Although I mostly wield a film SLR camera loaded with a black and white film nowadays, it’s nice to grab a digital camera and photograph colorful stuff for a change. And despite the fact that most plants in the outdoor area of our local botanical garden had bloomed a long time ago, there are still clusters of flowers that make good subjects. Case in point, rudbeckia flowers. So far, we’ve had an unusually hot and sunny summer this year, but rudbeckias survive the heat by hiding in a shadowy patch in the botanical garden.
While walking in the garden, the missus spotted a huge almost neon blue flower which she thought was a thistle. It turned out to be a garden-variety (pun intended) artichoke. Who would have thought that a humble artichoke has such an impressive flower? Not me, obviously.
We’ve been enjoying the warm and sunny days to the fullest but, to be honest, we could now use a rainy day or two. Thanks for stopping by!
Photocrumbs has served well as a working name for my spare-time coding project. But the time has come to give my forgetful photo publishing PHP script a proper name. It took me a while to come up with a good name. I wanted a short and catchy name that reflects my deep interest in Japan. While trawling the web, I stumbled across the Japanese white-eye bird called mejiro in Japanese. It’s small, it’s cute, and it has a short name that sounds unmistakably Japanese — in other words, exactly the name I was looking for. So here it is, Photocrumbs is now Mejiro.
Besides the new name, the current version of the script features a handful of improvements and tweaks. If you check out my Mejiro installation, you’ll immediately notice the new design which makes better use of the screen estate. It works better on small screens, too (although technically it’s not responsive). The most significant improvement, though, is the addition of the navigation links which make it easier to browse the published photos. It may not sound like a big deal, but it took me a while to figure out how to implement this feature (I’m just a weekend coder after all). I’m pretty sure that my solution is not the most efficient, but it does the job.
Using the PHP function posted on Stack Overflow, I also implemented a geolinking feature which lets you view the location of the geotagged photo on OpenStreetMap. This functionality has been at the top of my wishlist for quite a while, and I’m glad I’ve finally got around to adding it. Another minor yet important change: Mejiro now uses .txt plain text files for photo descriptions instead of .php files. If you already have a lot of .php files in the photos directory, you can change their file extensions using the following command (assuming you are using Linux):
for file in *.php; do mv "$file" "`basename $file .php`.txt"; done
Last but not least, Mejiro can now parse IPTC metadata and display keywords for each photo. This feature lets you view tags assigned to photos in digiKam or any other photo management application.
For now, I’ve implemented all the features on my wishlist, but if you have an idea or a request for improvement, you are very welcome to submit it in the project’s Issues section.
Whenever I visit the Rubjerg Knude lighthouse, I think about Kobo Abe’s The Woman in the Dunes novel and film. Like the main character, the lighthouse is fighting an eternal battle against the sand, and there is no happy end to this story either. Due to coastal erosion the lighthouse is not only sinking into the sand, it also slowly but steadily inches closer to the edge of the cliff it stands on. Attempts to slow down erosion were completely abandoned in 1992, and the lighthouse has been standing quietly awaiting its fate ever since. It is expected to collapse into the sea by 2020.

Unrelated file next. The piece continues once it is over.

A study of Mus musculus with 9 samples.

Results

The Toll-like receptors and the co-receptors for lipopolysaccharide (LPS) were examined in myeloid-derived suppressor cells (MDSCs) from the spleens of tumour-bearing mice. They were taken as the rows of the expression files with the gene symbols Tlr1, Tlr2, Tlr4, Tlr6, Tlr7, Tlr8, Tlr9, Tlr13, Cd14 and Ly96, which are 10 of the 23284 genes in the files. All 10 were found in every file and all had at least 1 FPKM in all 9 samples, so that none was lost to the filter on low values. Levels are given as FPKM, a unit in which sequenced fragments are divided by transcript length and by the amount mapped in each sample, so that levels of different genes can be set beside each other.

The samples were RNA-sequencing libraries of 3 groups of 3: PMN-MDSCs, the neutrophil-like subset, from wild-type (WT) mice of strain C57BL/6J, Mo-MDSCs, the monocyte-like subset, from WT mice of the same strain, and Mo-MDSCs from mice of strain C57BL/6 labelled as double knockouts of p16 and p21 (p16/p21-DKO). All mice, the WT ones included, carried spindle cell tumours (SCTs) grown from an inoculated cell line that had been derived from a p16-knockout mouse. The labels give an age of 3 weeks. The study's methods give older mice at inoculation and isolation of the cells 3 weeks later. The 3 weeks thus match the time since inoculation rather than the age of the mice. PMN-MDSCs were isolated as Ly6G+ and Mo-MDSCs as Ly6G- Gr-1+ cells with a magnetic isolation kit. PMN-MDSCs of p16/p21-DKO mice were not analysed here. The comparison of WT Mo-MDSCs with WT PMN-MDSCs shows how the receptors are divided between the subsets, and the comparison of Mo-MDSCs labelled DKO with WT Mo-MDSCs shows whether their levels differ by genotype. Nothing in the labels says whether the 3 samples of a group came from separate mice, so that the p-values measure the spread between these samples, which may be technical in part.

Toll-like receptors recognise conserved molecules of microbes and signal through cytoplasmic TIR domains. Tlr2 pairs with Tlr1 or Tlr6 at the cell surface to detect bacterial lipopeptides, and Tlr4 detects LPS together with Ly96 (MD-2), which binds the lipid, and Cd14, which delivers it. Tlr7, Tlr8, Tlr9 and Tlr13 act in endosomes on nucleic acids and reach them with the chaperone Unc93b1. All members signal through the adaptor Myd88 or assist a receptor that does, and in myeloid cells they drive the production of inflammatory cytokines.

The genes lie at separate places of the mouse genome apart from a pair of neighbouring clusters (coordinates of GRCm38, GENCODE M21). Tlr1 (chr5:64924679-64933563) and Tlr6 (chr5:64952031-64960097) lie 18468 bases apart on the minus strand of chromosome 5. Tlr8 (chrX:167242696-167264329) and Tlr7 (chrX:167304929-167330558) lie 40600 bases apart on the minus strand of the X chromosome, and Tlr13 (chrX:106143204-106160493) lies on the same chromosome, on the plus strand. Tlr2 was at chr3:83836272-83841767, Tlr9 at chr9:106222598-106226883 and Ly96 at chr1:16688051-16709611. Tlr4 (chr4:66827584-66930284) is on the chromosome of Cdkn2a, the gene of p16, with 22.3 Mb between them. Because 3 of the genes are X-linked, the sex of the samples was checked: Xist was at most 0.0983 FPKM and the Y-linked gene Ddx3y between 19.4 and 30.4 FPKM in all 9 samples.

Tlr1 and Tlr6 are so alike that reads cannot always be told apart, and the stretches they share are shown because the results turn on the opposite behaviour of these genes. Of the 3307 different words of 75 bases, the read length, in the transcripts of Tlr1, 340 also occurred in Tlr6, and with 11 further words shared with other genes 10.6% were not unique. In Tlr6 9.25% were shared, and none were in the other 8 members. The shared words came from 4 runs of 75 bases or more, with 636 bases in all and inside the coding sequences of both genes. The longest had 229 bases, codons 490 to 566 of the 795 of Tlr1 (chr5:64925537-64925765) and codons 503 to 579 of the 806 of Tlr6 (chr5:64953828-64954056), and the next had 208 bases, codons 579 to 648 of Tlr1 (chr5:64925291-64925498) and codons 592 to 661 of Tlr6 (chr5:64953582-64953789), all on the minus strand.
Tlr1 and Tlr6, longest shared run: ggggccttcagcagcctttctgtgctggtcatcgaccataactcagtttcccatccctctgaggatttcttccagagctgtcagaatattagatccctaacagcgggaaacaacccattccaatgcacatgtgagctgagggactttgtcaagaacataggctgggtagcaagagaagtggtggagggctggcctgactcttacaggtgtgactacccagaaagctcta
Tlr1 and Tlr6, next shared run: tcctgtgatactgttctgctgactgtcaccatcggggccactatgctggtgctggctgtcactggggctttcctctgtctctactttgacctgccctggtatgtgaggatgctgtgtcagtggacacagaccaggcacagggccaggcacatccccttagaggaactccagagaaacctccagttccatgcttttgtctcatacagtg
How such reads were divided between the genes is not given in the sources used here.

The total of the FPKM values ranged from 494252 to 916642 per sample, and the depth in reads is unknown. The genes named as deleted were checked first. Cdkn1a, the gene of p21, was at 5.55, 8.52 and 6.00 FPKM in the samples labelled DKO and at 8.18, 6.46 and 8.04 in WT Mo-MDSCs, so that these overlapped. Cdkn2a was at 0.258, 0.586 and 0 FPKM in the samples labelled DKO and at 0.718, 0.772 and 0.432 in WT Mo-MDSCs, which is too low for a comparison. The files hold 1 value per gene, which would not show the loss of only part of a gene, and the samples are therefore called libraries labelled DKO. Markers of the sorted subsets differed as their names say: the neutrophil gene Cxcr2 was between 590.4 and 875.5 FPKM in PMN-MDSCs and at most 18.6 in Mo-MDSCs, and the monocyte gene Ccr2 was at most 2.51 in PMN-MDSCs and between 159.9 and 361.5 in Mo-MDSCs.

Nikomat FTn, NIKKOR 24mm f/2.8 non-Ai, Ilford XP2 Super 400
But it’s not all doom and gloom, though. The view around the lighthouse is nothing short of spectacular, and this part of Denmark is known for its special light. So when the weather is good, the place makes a perfect spot for landscape photography, especially during golden and blue hours. So if you happen to be in the area, do yourself a favor and visit the place. Keep in mind, though, that the only way to get there is by car (or by bike), and you have to walk to the top of the dune for about a half an hour or so. You can read more about the lighthouse and the surrounding area at the official Rubjerg Knude site (in English).
Fine art photographer Rebecca Litchfield was commissioned earlier this year to photograph the abandoned buildings of the former Soviet Union and its Satellite states. In a long trip spanning over 10 countries and a year of many individual trips, Rebecca shot buildings in Eastern Europe, The Baltic’s, Ukraine and Russia.
Continue reading Photos Of A Soviet Union That Once Was – DIY Photography.
What was it like to browse Flickr back in 1989? We don’t know, because Flickr didn’t exist then. However, thanks to a clever setup from Flickr user Jeff Jackson, we get a little glimpse at what it would be like.
Continue reading What Flickr Looks Like On a 25-Year-Old Macintosh.
Timera 2 is the second iteration of a rather unique then-and-now compositing app that crowdsources photographs from around the globe and allows you to easily document the changes that have taken place in the world around you over the decades.
Through a massive user-generated database of historical images, appropriately geotagged to their location, Timera users can create unique then-and-now photos by overlaying the archive photo with a photo they just took.
Continue reading Timera Allows Users to Create Then & Now Photographs with Ease on iOS and Android.